Safely reducing debt and clearing the way for economic growth in the aftermath of the global credit bubble will take many years and involve difficult choices, as MGI’s 2010 report showed.


What history tells us about deleveraging

MGI’s Charles Roxburgh and Susan Lund assess the progress in deleveraging by the major mature economies today and the difficult trade-offs involved in stabilizing financial systems, reducing debt, and restarting growth in the aftermath of the financial crisis.

Two years later, major economies have only just begun deleveraging. In only three of the largest mature economies—the United States, Australia, and South Korea—has the ratio of total debt relative to GDP fallen. The private sector leads in debt reduction, and government debt has continued to rise, due to recession. However, history shows that, under the right conditions, private-sector deleveraging leads to renewed economic growth and then public-sector debt reduction.

These are the principal findings of MGI’s latest perspective on deleveraging, which revisits the world’s ten largest mature economies to see where they stand in the process of reducing debt ratios (United States, Japan, Germany, France, United Kingdom, Italy, Canada, Spain, Australia, and South Korea). It focuses in particular on the experience and outlook for the United States, United Kingdom, and Spain—three countries covering a range of deleveraging and growth challenges. It also examines the relevant lessons from history about how governments can support economic recovery amid deleveraging, and identifies six key markers business leaders can look for to monitor progress of specific countries.

Deleveraging has only just begun in the ten largest developed economies

  • The deleveraging process has only just begun in most countries. Based on data up to Q2 2011, total debt has actually grown across the world’s ten largest mature economies since the 2008–09 financial crisis, due mainly to rising government debt. Only three countries in the sample—the United States, Australia, and South Korea—have seen the ratio of total debt to GDP decline.
  • The deleveraging processes in Sweden and Finland in the 1990s offer relevant lessons today. Both endured credit bubbles and collapses, followed by recession, debt reduction, and eventually a return to robust economic growth. Their experiences and other historical examples show two distinct phases of deleveraging. In the first phase, lasting several years, households, corporations, and financial institutions reduce debt significantly. While this happens, economic growth is negative or minimal and government debt rises. In the second phase of deleveraging, GDP growth rebounds and then government debt is gradually reduced over many years.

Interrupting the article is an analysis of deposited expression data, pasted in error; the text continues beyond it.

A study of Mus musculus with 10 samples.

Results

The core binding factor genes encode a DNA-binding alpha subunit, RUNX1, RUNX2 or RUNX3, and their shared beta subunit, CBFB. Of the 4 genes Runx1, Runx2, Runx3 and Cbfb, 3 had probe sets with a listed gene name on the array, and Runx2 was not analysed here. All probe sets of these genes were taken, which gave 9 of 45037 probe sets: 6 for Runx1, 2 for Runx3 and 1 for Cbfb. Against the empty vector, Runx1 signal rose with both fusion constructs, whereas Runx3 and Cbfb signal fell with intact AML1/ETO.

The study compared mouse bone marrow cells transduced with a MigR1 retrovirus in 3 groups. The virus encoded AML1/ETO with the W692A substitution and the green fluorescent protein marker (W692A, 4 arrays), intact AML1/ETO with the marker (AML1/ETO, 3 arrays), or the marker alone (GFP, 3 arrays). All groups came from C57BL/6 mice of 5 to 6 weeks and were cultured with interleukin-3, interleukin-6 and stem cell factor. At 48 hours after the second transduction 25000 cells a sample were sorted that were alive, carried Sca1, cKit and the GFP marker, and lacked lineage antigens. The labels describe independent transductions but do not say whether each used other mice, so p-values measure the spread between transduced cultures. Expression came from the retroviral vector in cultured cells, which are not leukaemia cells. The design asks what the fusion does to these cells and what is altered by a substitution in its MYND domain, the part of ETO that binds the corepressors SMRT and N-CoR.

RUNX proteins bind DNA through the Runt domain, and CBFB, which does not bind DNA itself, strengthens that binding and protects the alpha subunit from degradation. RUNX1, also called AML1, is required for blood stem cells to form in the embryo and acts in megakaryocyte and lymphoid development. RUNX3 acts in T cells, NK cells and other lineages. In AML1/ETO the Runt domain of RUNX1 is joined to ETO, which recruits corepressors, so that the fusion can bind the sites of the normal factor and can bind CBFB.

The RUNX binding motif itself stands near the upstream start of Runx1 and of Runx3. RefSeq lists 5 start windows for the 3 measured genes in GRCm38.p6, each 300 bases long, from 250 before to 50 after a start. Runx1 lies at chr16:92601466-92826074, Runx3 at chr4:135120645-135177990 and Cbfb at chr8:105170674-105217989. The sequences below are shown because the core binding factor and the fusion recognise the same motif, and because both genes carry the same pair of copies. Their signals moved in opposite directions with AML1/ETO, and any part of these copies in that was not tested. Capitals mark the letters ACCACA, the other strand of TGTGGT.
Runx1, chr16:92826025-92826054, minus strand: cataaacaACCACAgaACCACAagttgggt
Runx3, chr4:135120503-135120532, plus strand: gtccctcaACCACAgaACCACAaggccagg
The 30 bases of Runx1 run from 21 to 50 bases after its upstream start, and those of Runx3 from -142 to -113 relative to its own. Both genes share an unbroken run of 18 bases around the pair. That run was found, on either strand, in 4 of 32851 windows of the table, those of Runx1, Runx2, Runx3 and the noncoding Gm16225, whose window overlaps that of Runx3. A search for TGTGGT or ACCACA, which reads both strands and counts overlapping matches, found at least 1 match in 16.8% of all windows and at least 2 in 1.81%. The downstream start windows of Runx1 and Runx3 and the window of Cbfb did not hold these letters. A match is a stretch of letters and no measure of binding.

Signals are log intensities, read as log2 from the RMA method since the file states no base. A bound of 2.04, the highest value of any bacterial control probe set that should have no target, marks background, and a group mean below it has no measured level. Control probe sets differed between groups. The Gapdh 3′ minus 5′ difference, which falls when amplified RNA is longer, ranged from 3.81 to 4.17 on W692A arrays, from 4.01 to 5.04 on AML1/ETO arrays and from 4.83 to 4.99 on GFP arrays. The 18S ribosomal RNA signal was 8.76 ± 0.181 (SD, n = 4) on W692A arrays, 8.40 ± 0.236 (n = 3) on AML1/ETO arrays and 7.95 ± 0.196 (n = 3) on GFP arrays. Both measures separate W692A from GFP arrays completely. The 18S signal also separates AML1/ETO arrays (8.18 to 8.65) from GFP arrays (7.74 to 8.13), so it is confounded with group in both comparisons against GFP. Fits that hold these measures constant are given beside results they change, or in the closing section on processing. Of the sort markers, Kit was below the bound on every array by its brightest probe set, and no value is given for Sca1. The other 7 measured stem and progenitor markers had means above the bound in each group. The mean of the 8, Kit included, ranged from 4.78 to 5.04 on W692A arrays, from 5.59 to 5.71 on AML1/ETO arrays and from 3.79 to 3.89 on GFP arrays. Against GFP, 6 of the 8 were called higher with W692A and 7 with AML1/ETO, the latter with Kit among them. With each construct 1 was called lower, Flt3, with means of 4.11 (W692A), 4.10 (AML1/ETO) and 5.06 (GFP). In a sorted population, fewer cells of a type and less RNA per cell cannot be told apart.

• The historic deleveraging episodes reveal six critical markers of progress: the financial sector is stabilized and lending is rising; structural reforms unleash private-sector growth; credible medium-term public deficit reduction plans are in place; exports are growing; private investment has resumed; and the housing market is stabilized and residential construction revives.
  • As of January 2012, the United States is most closely following the Nordic path towards deleveraging. Debt in the financial sector has fallen back to levels last seen in 2000, before the credit bubble, and the ratio of corporate debt relative to GDP has also fallen. US households have made more progress in debt reduction than other countries, and may have roughly two more years before returning to sustainable levels of debt. Deleveraging in the United Kingdom and Spain is proceeding more slowly, and these countries could face many years of gradual debt reduction ahead.
  • Understanding the course of deleveraging will be of critical importance both to business leaders, who will need to take a granular approach to strategy, and to governments. The report examines implications for business strategy and suggests that current macroeconomic models do not fully capture the impact of deleveraging on demand—so companies must develop their own views of how deleveraging is proceeding to find pockets of opportunity in the near term. Overall growth in the time of deleveraging is likely to be restrained, but the pace of debt reduction varies across nations and sectors and from place to place within nations. No single country has all the conditions in place to revive growth. 

This is the second of three Global Institute reports on this issue. The others are Debt and deleveraging: The global credit bubble and its economic consequences (July 2011) and Debt and (not much) deleveraging (February 2015).